Aubagio shifts immune cell balance in RRMS, study reveals

Sanofi's Phase 4 study probes Aubagio’s mechanism of action



Further studies to understand how changes in immune cell subsets drive Aubagio’s clinical effectiveness will help in the development of more targeted and effective therapies, the researchers noted.

The new study, “Teriflunomide modulates both innate and adaptive immune capacities in multiple sclerosis,” was published in the journal Multiple Sclerosis and Related Disorders.


Aubagio, marketed by Sanofi, has been shown to reduce relapses and delay disability progression in several Phase 3 clinical studies. It works by blocking the activity of an enzyme needed for the accelerated growth of activated T-cells and B-cells. By stopping activated immune cells from replicating, without affecting other cells, Aubagio is assumed to lessen MS-driving inflammation.

According to a research team at the University of Michigan Medical School, however, “the exact mechanisms by which [Aubagio] promotes clinical efficacy in RRMS [relapsing-remitting multiple sclerosis] are still not completely understood.”

Study sponsored by Sanofi

To learn more, researchers launched a Phase 4 study (NCT03464448), sponsored by Sanofi, to address Aubagio’s mechanism of action.

Blood samples were collected from 20 RRMS patients enrolled at the university’s Multiple Sclerosis Center before treatment (baseline) and periodically for up to two years. The analysis examined the therapy’s effects on various subtypes of immune cells.

Overall, Aubagio had no significant impact on the total number of T-cells and B-cells after three to seven months of treatment (short-term) or 12 to 28 months (long-term).

In a subset of T-cells called regulatory T-cells (Tregs), overall and short-term measurements found an increase in the production of CD39, a protein marker associated with immunosuppression. Tregs can suppress the activity of other immune cells and lessen inflammatory responses, acting to control the immune system.

At the same time, treatment reduced the production of the CXCR3 marker associated with the activation of T-helper cells, a subtype of T-cell that stimulates and coordinates immune responses.

While the total number of B-cells, immune cells that make and secrete antibodies, showed no significant changes, there was a non-significant trend toward reduction with Aubagio.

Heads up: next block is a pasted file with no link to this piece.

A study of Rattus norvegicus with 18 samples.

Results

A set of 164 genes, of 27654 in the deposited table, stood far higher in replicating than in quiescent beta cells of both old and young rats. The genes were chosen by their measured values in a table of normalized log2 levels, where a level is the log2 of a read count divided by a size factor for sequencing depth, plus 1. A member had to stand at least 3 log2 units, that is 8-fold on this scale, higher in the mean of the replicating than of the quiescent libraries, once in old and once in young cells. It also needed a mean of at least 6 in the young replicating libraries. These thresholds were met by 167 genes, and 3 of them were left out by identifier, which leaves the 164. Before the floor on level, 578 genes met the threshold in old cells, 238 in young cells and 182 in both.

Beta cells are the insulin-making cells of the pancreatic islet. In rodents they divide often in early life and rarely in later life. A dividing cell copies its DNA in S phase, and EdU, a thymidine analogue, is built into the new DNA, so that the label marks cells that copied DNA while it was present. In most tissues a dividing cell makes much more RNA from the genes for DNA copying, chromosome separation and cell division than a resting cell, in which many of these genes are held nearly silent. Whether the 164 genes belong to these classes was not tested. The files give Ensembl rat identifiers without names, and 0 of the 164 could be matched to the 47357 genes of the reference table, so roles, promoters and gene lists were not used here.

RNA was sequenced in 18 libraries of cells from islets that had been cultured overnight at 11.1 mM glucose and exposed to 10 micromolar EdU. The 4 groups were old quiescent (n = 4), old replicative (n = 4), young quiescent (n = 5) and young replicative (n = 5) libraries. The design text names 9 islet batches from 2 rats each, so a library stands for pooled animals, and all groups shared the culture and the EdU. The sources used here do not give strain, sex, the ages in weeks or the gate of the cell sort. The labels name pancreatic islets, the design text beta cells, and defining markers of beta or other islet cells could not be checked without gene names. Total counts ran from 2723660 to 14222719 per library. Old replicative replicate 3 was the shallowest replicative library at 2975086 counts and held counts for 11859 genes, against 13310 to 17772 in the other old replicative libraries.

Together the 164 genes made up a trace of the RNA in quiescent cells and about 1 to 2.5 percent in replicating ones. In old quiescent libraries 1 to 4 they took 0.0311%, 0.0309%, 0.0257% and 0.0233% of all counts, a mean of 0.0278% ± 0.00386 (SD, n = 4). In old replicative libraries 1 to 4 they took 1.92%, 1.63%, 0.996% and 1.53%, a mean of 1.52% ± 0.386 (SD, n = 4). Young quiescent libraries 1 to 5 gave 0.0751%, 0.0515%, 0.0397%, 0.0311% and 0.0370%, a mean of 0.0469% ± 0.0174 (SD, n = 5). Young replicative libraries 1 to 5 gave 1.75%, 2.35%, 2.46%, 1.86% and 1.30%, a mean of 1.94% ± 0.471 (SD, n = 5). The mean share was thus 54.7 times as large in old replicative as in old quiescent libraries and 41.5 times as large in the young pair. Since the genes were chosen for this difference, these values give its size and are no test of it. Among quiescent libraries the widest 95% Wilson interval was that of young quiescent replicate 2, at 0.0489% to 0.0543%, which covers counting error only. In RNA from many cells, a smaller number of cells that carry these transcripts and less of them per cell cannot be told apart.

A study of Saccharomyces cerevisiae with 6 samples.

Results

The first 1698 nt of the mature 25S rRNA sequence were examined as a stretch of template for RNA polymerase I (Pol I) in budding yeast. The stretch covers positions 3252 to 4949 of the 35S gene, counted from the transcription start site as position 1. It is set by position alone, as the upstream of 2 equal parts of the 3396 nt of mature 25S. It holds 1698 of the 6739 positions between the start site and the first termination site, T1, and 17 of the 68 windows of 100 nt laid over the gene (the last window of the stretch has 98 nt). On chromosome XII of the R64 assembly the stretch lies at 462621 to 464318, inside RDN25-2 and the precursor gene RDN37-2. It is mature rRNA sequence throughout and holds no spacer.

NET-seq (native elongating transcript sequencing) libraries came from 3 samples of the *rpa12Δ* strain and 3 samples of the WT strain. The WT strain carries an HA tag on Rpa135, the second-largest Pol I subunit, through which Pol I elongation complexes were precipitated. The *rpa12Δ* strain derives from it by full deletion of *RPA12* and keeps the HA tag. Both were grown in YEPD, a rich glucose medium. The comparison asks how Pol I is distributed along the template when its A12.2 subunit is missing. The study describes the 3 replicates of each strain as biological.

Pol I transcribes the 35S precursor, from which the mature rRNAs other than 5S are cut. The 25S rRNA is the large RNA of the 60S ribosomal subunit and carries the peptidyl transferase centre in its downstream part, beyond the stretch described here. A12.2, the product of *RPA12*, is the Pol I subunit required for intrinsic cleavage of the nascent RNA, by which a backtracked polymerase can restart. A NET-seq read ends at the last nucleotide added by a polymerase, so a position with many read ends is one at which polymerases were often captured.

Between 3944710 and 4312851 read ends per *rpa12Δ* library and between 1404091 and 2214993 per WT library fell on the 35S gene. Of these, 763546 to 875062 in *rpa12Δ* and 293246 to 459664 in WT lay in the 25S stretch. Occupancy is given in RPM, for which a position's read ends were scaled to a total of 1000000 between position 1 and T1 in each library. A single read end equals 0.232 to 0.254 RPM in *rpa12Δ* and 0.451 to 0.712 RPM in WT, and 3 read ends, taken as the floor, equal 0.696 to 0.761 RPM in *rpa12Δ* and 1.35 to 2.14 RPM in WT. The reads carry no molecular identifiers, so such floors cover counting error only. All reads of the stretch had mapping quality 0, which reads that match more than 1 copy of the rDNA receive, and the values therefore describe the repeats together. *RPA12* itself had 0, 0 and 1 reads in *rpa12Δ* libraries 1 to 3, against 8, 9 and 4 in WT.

Naive B-cells — those that have yet to be activated by an immune response —  were increased slightly with short-term treatment. In contrast, fully mature (differentiated) memory B-cells that produce antibodies were reduced significantly.

Aubagio “shifts balance toward more naïve and less terminally differentiated B cells,” the researchers wrote.

On a B-cell subtype, there was a significant early decline in two proteins, CD80 and CD86, known to stimulate T-cell activation. At the later time point, there was still a diminishing trend, which would “mitigate B cells’ ability to activate T cells in [Aubagio]-treated patients with MS,” the team noted.

Fewer natural killer cells

Treatment significantly reduced the number of natural killer (NK) cells, a type of white blood cell that can destroy body cells infected with a virus or that have become cancerous. A decreased ratio of two NK subtypes was suggestive of a “[Aubagio]-induced reduction of the pro-inflammatory capacity of NK cells,” they added.

Natural killer T-cells, which share properties of both T-cells and NK cells and function like NK cells upon activation, also were reduced significantly with treatment.

“Our study shows that [Aubagio] does not significantly reduce T or B cells,” the researchers concluded. “It induces a tolerogenic [immune tolerant] environment by limiting the activation capacity of [blood] pro-inflammatory immune subsets.”

“Larger studies may further help determine which subset changes drive the clinical efficacy of RRMS in the search for better targeted treatments,” the researchers added.